At Everton, Moyes had to show the skill of an alchemist to squeeze every last ounce out of the club’s modest budget, occasionally dredging the lower leagues for players that his club’s wealthier rivals had overlooked.
His eye for a bargain has helped him lead Everton to six consecutive top-eight finishes, but he has no experience of operating at the very top end of the transfer market and he will now have the resources of one of the world’s richest clubs at his fingertips.
Ferguson personally recommended Moyes to the United board, but he will also be keenly aware of the 50-year-old’s near total lack of Champions League experience.
In his 11 years at Everton, Moyes presided over just two games in Europe’s elite competition – a two-legged defeat by Villarreal in the qualifying rounds of the 2005-06 tournament.
He led Everton into battle in the Europa League four times, reaching the last 16 in 2008, but he has never pitted his wits against teams like Real Madrid, Bayern Munich and AC Milan, against whom United measure themselves.
United made a statement by awarding Moyes a six-year contract, with club director Bobby Charlton trumpeting the arrival of “a man who will build teams for the future.”
By granting a relatively untested manager such a long contract, United appear to hope that Ferguson’s legacy will let the new man slip into the driving seat without sending the juggernaut off the road.
Nevertheless, it is unlikely Moyes will be granted four years to find his feet, as Ferguson was when he succeeded Ron Atkinson in 1986.
Ferguson has elevated the club to such heights that it cannot afford the breaking-in that a newcomer might be granted elsewhere.
United have not finished outside the top three since 1991. They have not failed to qualify for the Champions League since 1995. Since 1990, they have finished without at least one piece of silverware on only three occasions.
Then there is the shock factor. By the time Moyes arrives, United will have played 1,500 games under their old manager, and Ferguson’s shadow is destined to linger since he was granted a directorial role.
Moyes, though, is no callow newcomer, and he could not wish to inherit a better calibrated winning machine.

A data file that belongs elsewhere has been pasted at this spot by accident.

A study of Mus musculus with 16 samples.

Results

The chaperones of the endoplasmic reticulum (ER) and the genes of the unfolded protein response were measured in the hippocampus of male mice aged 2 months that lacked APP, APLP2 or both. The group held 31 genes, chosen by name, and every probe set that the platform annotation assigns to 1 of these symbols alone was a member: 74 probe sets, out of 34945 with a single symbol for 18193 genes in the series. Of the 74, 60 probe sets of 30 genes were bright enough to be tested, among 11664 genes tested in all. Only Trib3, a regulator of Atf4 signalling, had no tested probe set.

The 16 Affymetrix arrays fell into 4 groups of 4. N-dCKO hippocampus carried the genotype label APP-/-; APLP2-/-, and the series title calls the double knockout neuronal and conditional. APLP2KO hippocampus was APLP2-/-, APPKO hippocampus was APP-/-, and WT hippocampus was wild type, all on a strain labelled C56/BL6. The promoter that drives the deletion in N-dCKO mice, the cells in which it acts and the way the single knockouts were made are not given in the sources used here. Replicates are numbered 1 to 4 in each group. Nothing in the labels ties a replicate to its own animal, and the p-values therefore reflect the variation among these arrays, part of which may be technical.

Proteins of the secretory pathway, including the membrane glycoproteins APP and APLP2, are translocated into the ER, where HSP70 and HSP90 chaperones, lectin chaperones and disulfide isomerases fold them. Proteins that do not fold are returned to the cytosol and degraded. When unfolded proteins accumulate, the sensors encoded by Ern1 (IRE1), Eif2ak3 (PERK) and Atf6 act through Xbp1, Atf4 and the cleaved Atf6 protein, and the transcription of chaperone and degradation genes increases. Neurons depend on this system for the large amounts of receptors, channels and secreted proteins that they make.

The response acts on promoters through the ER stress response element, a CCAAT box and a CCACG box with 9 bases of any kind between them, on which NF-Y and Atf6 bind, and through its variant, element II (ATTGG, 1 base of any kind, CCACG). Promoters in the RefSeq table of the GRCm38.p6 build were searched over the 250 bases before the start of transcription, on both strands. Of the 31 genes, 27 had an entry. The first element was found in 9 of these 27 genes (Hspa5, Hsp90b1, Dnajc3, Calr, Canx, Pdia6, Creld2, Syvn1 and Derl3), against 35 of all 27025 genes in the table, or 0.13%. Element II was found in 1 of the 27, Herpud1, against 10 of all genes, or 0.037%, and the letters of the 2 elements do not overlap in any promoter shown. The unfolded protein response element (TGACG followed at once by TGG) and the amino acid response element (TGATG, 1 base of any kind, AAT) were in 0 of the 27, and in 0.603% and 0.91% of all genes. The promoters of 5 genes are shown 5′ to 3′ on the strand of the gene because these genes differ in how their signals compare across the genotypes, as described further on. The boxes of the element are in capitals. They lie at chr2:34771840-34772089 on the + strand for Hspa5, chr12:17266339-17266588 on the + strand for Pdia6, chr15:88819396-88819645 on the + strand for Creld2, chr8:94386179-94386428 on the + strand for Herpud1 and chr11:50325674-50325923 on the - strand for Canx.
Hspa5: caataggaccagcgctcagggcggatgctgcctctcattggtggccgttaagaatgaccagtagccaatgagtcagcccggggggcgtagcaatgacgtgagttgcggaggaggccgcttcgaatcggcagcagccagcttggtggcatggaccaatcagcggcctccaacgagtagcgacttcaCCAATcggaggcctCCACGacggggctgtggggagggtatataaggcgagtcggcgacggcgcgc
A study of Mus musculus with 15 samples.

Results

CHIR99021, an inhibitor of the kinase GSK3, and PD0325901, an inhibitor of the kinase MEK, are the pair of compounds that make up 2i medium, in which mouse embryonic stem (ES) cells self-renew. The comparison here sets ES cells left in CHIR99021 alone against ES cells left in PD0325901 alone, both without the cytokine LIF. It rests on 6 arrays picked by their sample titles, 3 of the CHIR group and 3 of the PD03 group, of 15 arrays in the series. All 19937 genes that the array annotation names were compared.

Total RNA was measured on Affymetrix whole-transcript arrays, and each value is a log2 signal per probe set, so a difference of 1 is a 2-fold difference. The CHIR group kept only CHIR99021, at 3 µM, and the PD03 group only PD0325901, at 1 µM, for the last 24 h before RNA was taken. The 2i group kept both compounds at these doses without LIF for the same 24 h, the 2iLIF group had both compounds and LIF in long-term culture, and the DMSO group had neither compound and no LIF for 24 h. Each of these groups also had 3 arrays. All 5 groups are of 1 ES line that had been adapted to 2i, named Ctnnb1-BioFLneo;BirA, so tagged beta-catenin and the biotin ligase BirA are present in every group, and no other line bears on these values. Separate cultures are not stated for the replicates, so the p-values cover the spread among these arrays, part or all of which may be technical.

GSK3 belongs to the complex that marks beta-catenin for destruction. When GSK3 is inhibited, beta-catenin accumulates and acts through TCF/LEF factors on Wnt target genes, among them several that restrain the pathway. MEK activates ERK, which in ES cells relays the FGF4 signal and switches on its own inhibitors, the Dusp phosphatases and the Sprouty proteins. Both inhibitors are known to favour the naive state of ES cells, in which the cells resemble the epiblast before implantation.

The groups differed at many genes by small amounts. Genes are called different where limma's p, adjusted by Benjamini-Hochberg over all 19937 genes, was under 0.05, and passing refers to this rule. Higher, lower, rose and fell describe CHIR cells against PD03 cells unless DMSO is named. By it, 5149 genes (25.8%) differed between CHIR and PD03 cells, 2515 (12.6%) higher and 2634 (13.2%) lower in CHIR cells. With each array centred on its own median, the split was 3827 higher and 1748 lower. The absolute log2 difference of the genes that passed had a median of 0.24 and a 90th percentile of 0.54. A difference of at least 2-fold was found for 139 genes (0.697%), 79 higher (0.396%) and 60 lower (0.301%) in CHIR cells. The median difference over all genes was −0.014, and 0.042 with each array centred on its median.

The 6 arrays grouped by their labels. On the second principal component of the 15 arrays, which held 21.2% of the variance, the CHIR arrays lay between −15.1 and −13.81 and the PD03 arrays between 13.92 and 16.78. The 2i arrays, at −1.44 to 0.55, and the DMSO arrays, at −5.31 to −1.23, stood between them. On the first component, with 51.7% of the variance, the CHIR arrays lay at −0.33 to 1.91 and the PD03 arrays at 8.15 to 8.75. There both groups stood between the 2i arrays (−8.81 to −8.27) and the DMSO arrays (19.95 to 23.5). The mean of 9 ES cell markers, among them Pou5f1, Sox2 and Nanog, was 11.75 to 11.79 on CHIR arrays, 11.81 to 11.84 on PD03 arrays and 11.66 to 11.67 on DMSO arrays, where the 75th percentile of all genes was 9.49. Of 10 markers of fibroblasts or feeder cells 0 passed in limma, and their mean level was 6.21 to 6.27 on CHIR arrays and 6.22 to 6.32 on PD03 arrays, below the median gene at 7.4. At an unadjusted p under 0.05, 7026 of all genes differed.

A modern manager, who employs three data analysts at Everton, Moyes will find United geared to success, right down to the height of the grass at the club’s Carrington training facility.
He also inherits a team of champions, who romped to this season’s Premier League title with almost disdainful ease.
The current squad brims with young players such as Phil Jones, Tom Cleverley and Danny Welbeck who are still to peak, and Ferguson is confident that “the structure of the youth set-up will ensure that the long-term future of the club remains a bright one”.
The new man’s first major dilemma concerns a familiar face: that of Wayne Rooney.
Rooney has confirmed he asked to leave United before Ferguson stepped down, amid reports that he was disillusioned by the way he had slipped behind Robin van Persie in the pecking order.
It was Moyes who brought Rooney through at Everton aged just 16, but their relationship deteriorated after he was sold to United in 2004.
Rooney has since re-established his relationship with Moyes, who won damages in a libel case after the striker made disparaging comments about the latter in his 2006 autobiography.
Rooney still has two years to run on the contract he secured after his initial flirt with City, and United have insisted he is not for sale, notwithstanding media claims that offers topping 20 million pounds (B904 million) would be considered.
Moyes’ handling of the issue will give an early indication of his ability to deal with the intense scrutiny that accompanies every facet of life at Old Trafford. And Ferguson will be watching.